Suzanne Methot is the author of the non-fiction book Legacy: Trauma, Story, and Indigenous Healing (ECW Press, 2019). She is also the co-author of the Grade 11 textbook Aboriginal Beliefs, Values, and Aspirations (Goodminds/Pearson Canada, 2011) and a contributor to Scholastic Canada’s Take Action series of classroom resource books. Suzanne facilitates professional development sessions for the education, health care, environmental, and arts and culture sectors, and is a speaker on various topics including human rights, Indigenous literatures, Indigenous worldviews, Indigenous approaches to health and wellness, intergenerational trauma, and decolonization. She also works as an editor, curriculum writer, and in program development for the education and arts and culture sectors.
Suzanne has worked as an adult literacy and skills training practitioner since 1991, and as an elementary classroom teacher since 2007. For over a decade, she was principal editor for Ningwakwe Learning Press, creating Indigenous culture-based literacy resources. She was also an Education Officer for school programs at the Art Gallery of Ontario, where she facilitated gallery and studio activities for students from K-12. Suzanne has also worked in advocacy and direct–service positions at Indigenous organizations since 1992, serving community members who are marginalized by racism, poverty, homelessness, health status, addictions, mental-health challenges, crime, and victimization. From 2014 to 2019, she was an appointee to the Royal Ontario Museum’s Indigenous Advisory Circle, assisting the ROM Learning Department in building authentic and sustainable relationships with Indigenous communities. Suzanne also served on the Program Advisory Committee for the Durham College Journalism/Mass Media program from 2016-2019.
Suzanne has lectured on Indigenous literatures at the University of Toronto’s School of Continuing Education, and was a guest lecturer in the Journalism program at the First Nations Technical Institute at Tyendinaga Mohawk Territory. She has also been a guest speaker/presenter and panel moderator for the Tamarack Institute, Toronto Reference Library, Ryerson University, the Ontario Institute for Studies in Education, the University of Toronto, the Ontario Library Association Super Conference, the Art Gallery of Ontario, the Royal Ontario Museum, the Hot Docs Film Festival teacher professional development conference, and the Halton District School Board’s 2018 Human Rights Symposium. In 2016, Suzanne was featured in a CBC Radio One documentary on National Indigenous Peoples Day.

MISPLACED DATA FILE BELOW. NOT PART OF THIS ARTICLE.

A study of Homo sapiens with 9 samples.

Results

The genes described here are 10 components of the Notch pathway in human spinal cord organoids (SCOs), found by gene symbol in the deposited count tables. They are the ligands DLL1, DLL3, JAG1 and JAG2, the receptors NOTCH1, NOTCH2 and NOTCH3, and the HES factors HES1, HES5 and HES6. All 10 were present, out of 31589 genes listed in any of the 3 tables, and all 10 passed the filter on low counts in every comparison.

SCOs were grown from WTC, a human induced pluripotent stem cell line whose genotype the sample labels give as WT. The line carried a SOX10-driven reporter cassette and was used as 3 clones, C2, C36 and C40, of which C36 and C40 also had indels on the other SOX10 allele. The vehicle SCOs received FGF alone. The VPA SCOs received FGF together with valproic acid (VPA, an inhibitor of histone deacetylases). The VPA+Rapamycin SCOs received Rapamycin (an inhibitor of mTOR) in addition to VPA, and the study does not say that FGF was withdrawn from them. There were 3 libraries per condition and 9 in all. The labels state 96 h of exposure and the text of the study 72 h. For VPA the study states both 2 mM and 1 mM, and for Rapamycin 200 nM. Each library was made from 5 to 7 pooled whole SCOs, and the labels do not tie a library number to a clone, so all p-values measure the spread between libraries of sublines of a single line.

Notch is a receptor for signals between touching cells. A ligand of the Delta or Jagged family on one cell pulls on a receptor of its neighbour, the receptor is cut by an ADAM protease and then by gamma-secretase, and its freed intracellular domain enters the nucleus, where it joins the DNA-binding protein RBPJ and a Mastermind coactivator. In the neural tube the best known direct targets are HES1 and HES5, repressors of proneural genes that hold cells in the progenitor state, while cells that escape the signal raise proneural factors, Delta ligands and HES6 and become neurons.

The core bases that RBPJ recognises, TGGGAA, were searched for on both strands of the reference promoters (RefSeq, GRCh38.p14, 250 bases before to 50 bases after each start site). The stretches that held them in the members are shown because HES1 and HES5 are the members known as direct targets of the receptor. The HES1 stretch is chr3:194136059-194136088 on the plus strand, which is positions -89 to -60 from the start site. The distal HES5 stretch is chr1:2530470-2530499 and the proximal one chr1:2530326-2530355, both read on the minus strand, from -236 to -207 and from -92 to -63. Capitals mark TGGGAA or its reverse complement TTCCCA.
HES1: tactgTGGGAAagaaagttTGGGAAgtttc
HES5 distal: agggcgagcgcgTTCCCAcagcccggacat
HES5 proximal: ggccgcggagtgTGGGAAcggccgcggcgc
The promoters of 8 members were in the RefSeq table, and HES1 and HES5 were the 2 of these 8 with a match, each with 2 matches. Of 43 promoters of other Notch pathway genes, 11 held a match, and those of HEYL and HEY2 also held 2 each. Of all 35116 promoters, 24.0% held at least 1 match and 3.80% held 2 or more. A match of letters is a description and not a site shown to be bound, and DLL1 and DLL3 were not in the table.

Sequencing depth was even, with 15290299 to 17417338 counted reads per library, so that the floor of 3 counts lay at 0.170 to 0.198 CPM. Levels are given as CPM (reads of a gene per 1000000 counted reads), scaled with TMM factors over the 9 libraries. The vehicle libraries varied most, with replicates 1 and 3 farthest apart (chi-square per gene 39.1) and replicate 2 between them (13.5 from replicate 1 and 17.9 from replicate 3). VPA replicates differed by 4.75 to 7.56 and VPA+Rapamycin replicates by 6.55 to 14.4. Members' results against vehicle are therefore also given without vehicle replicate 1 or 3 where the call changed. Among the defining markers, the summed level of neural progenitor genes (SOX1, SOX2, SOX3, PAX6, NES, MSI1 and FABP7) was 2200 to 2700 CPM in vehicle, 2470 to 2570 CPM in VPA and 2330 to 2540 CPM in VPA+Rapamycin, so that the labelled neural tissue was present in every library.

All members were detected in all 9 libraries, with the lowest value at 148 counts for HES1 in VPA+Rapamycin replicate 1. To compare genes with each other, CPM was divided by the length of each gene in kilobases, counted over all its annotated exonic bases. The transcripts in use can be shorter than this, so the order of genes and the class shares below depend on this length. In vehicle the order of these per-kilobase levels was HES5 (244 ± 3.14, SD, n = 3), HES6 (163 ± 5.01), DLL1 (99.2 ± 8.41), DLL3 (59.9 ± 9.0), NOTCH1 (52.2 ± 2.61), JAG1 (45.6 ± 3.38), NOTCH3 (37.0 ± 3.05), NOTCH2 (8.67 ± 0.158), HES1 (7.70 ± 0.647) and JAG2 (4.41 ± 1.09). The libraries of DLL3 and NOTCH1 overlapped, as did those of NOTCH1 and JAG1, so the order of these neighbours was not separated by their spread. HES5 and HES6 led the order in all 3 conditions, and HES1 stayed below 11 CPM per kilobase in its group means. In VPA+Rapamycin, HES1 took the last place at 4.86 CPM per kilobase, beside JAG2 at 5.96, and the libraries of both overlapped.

Suzanne’s fiction, non-fiction, and poetry has been published in various anthologies, and her feature articles, guest columns, and reviews have appeared in the Toronto Star, The Globe and Mail, Quill & Quire, Windspeaker, and Canadian Geographic. In 2014, Suzanne was nominated for the K.M. Hunter Artist Award for Literature.
Born in Vancouver in 1968 and raised in Peace River, Alberta — which is known as Sagitawa (“where the rivers meet”) in the Nehiyawak language — Suzanne is a Nehiyaw iskwêw/ayahkwêw of mixed Indigenous and European heritage. She lived for 29 years in Wendat–Haudenosaunee–Anishinabeg territory in Toronto, and now makes her home on the unceded territory of the Snuneymuxw Nation in British Columbia.
Suzanne is currently working on a series of children’s books and on a novel set in northern Alberta. She is represented by Stephanie Sinclair of the Transatlantic Agency.